If you’re looking for an entry-level job, it can sometimes feel like you’re speeding through the interview process screaming, “Pick me! Pick me!” while trying to play it cool. You might focus so much on answering the interviewer’s questions in a way that demonstrates you’re the right person for the job that you forget to ask them smart questions, too.
In reality, that final stage of the interview can be the part where you seal the deal. You should put just as much effort into asking questions that show you’re ready to jump right in and allow you to gauge whether the role is a good fit for you in the first place. Don’t let this opportunity go to waste. Here’s what hiring managers and recruiters say are three of the most powerful questions that too few entry-level hires remember to ask.
1. “What Does Success Look Like For Entry-Level Hires At The Company?”
It’s better to know even before day one what it would take to succeed in your position. Heidi Solti-Berner, evolving workforce talent leader at Deloitte, recommends this question because it gives the hiring manager a chance to spell out the qualities of junior-level high performers in the organization.
“Once you have a clearer picture of this,” she says, “you can better demonstrate how those identified qualities are aligned with your work ethic, professional goals, and overall personality.” If there’s anything about yourself that you didn’t get a chance to share earlier, you can follow up on the interviewer’s response by explaining how you already possess some of the qualities and skills they’ve just mentioned.
Plus, if you do get the offer and wind up taking it, you’ll start off with insider knowledge about how to thrive in your position. At any rate, recruiters are likely to be impressed simply by the fact that you asked this question, since it shows that your main priority is to start delivering results right away.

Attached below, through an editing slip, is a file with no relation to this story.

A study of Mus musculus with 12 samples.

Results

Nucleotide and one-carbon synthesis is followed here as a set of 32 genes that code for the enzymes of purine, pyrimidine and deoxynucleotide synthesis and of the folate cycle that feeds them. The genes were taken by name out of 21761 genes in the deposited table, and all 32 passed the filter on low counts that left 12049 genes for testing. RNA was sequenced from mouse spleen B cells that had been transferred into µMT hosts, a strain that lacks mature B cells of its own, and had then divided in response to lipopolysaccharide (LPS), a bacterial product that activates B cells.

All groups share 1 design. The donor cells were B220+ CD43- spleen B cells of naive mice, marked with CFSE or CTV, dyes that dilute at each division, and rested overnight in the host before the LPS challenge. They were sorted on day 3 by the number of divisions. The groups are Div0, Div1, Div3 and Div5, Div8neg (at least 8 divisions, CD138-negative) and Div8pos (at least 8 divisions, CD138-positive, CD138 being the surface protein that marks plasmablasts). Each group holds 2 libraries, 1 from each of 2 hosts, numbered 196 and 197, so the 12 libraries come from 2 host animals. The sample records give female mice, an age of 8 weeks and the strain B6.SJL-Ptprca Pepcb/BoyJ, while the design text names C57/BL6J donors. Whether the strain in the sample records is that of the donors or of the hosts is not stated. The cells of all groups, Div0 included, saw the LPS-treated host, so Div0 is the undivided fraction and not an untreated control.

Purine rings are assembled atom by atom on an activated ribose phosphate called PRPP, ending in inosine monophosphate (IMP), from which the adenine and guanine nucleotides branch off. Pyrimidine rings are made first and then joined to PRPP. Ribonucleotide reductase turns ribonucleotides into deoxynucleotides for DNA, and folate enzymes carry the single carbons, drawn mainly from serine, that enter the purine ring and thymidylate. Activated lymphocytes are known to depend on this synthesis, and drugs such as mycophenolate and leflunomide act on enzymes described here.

2. “How Would You Describe The Team And Manager I’d Be Working With?”
Yes, getting a job is important, but it’s even more important to work at a company where you’re supported by a boss and colleagues who are proactive about helping you grow–especially when you’re coming in at the entry level. Chelsea Kovak, a recruiter at the business-loan platform Fundera, explains that “nothing has a bigger impact on your ability to develop and grow in a role than the amount of mentoring and focus you can get from your manager.”
But Kovak also points out that this question helps you understand the work culture, since it “gives a sense of the way the team will work together and can really prepare you for the culture of the company you’ve signed up for.” If the hiring manager shares even a few background details of the team’s dynamics, they can be pretty telling–and hopefully help you decide whether it’s the right environment for you.
For instance, does the interviewer mention that the team is collaborative and works on several projects together? Or, does your team only consist of you and your manager? Is it a growing team that’s looking to add new hires over the next six months? This is all useful information when you’re sizing up a role. But what’s more, asking this question gives you one last chance to show the interviewer that if you’re offered the position, you’ll be able to fit right in with the team.
3. “If Offered The Job, What Would You Recommend I Do To Get Off To A Great Start?”
While the first question focuses on your long-term success, this last one gives you intel on what it would take to stand out immediately. And according to Jeremy Payne, VP and head of operations at Remote Year, says that asking this question helps the interviewer visualize you in the role.
So in addition to getting yet another chance to reassure the interviewer why you’re up for the challenges ahead of you, Payne adds that it’s also a useful data-gathering opportunity: “It allows you to determine where you would need development and provides you with advice toward that development–all in one response.” And best of all, since the hiring manager is thinking about what you in particular would need to start off on the right foot, the suggestions you’ll hear will be tailored to your skills and credentials.
Adding these three questions to your mental lineup while you’re prepping for interviews can help you wrap up your conversation on a high note. They let you show the interviewer that success and culture are both equally important to you, all while letting you suss out whether the team, position, and expectations fit with your personal career goals. That’s way more effective than just being the most eager entry-level candidate they interview.